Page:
Writer: Bryan Edward Hill / Artist: Gleb Melinkov / DC Comics
Batman & the Outsiders #13 starts the beginning of a new arc after the action-packed finale of issue #12. The Outsiders faced Ra’s Al Ghul and his depleted reinforcements and kind of gave him an ass-whooping. But that wasn’t before he was able to use a mysterious new weapon that could have serious implications on the state of the world.
Issue #13 is an aftermath, of sorts, as the Outsiders regroup after their showdown. It has two central stories, one centering Black Lightning and one centering Signal and Orphan.
Black Lightning’s scenes follow his ever-evolving conflict with Batman and the way the Caped Crusader leads this team like a puppet master. In regards to this issue, Batman thinks that because they have the upper hand on Ra’s, they need to now shift gears and gather information on his new weapon. Black Lightning thinks that now is the perfect time to strike again before Ra’s is able to use that weapon for a second time and cause more damage.
The scene does a good job of showing us the contrast in how these two characters lead. And even though they’re on the same side, the tension is still very prevalent between the two. Black Lightning is very forward-thinking. While Batman, as we know, is very calculated. He doesn’t become the smartest person in the room by blindly pushing forward. Nevertheless, despite these two characters having a common goal and working together, Hill does a good job of conveying Black Lightning’s frustration, and Melnikov is fantastic with how that is represented on the page.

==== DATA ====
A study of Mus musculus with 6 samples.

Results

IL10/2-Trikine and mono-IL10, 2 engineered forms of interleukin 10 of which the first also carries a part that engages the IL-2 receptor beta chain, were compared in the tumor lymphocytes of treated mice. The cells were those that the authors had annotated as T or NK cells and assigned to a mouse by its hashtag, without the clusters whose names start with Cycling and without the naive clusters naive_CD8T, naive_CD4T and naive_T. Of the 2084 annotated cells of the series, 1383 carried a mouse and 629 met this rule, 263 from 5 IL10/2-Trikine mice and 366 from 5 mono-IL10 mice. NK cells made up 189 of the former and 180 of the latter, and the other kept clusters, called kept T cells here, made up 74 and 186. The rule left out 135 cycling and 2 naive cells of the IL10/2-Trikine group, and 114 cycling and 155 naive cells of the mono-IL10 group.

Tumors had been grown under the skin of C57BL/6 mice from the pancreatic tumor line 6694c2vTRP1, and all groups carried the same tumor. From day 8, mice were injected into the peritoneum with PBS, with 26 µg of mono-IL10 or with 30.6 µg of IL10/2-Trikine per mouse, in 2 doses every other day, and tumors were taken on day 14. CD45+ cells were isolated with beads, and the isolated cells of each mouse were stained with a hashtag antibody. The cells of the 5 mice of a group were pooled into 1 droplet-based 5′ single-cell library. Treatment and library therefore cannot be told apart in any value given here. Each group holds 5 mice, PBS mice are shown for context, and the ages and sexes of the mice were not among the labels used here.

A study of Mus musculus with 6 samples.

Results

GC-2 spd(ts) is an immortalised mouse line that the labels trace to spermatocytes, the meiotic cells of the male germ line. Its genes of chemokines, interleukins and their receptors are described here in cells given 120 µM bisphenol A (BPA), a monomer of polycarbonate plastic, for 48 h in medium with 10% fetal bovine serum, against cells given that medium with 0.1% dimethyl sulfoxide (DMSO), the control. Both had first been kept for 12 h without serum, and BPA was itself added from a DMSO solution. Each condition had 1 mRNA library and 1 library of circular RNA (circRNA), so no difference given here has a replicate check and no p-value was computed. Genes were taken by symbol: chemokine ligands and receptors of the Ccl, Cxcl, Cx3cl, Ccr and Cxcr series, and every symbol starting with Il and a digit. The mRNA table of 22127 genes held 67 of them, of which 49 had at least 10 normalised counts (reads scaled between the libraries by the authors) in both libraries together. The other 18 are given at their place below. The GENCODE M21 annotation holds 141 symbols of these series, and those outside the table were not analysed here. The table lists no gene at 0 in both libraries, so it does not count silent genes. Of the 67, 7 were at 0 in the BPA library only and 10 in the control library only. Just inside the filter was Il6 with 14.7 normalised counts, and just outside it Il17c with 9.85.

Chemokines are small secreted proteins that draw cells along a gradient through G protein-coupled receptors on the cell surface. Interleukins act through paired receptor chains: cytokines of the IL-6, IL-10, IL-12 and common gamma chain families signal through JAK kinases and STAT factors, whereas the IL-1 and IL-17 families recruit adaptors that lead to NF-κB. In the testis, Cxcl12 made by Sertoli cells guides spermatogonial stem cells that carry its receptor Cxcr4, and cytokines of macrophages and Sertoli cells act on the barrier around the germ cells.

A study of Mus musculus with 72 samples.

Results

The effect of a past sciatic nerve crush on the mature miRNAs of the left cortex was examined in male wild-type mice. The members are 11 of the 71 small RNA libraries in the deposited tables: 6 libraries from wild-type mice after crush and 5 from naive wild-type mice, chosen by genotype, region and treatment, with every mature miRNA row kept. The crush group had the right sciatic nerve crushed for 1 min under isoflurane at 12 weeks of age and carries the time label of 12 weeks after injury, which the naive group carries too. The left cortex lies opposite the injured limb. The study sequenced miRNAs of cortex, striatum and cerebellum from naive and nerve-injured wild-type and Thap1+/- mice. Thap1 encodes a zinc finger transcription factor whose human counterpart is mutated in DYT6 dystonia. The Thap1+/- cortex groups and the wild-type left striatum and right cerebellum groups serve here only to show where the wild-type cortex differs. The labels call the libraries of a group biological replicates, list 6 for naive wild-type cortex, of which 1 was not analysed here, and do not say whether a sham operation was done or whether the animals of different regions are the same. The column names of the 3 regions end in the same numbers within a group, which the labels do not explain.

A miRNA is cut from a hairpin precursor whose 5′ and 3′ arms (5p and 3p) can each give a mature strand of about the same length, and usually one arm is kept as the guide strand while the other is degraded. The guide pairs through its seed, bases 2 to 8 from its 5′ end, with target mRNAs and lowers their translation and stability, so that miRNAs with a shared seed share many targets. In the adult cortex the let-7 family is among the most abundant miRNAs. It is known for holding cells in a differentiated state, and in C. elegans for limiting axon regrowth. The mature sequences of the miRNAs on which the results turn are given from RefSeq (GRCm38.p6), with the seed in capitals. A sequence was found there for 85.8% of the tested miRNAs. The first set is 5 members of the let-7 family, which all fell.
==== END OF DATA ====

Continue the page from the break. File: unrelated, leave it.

The second central story, and the one that hits home for me most, is the one that centers Cassie and Duke. It follows the two as they are grappling with Batman’s orders to sideline them for the time being. Being important members of this team, and teenagers, they don’t exactly like the idea of taking a break.
Lady Shiva, who just switched sides, poses an interesting opportunity for the two of them. She doesn’t just try to encourage them to do what feels right for them despite Batman’s orders, she tries to put their relationship with Batman in question. Even though she’s a flip-floppy villain, she has a point. Batman uses them as pawns for his larger game. Shiva furthers her point by suggesting that Duke and Cassandra live under Bruce’s shadow. They wear his symbol and protect his city. Maybe it’s time for them to choose their own symbols and find their own spaces and cities.
As someone who thinks there are too many legacy characters in comics, especially characters under Batman’s wing, the idea of some of them growing more into their own identities makes me really excited.
In an issue that allows the Outsiders to breathe, they regroup and gear up for the next inevitable showdown with Ra’s Al Ghul as they also work out some of their more personal conflicts.
9 Rooftop Batman Conversations out of 10
Reading Batman & The Outsiders? Find BNP’s other reviews here.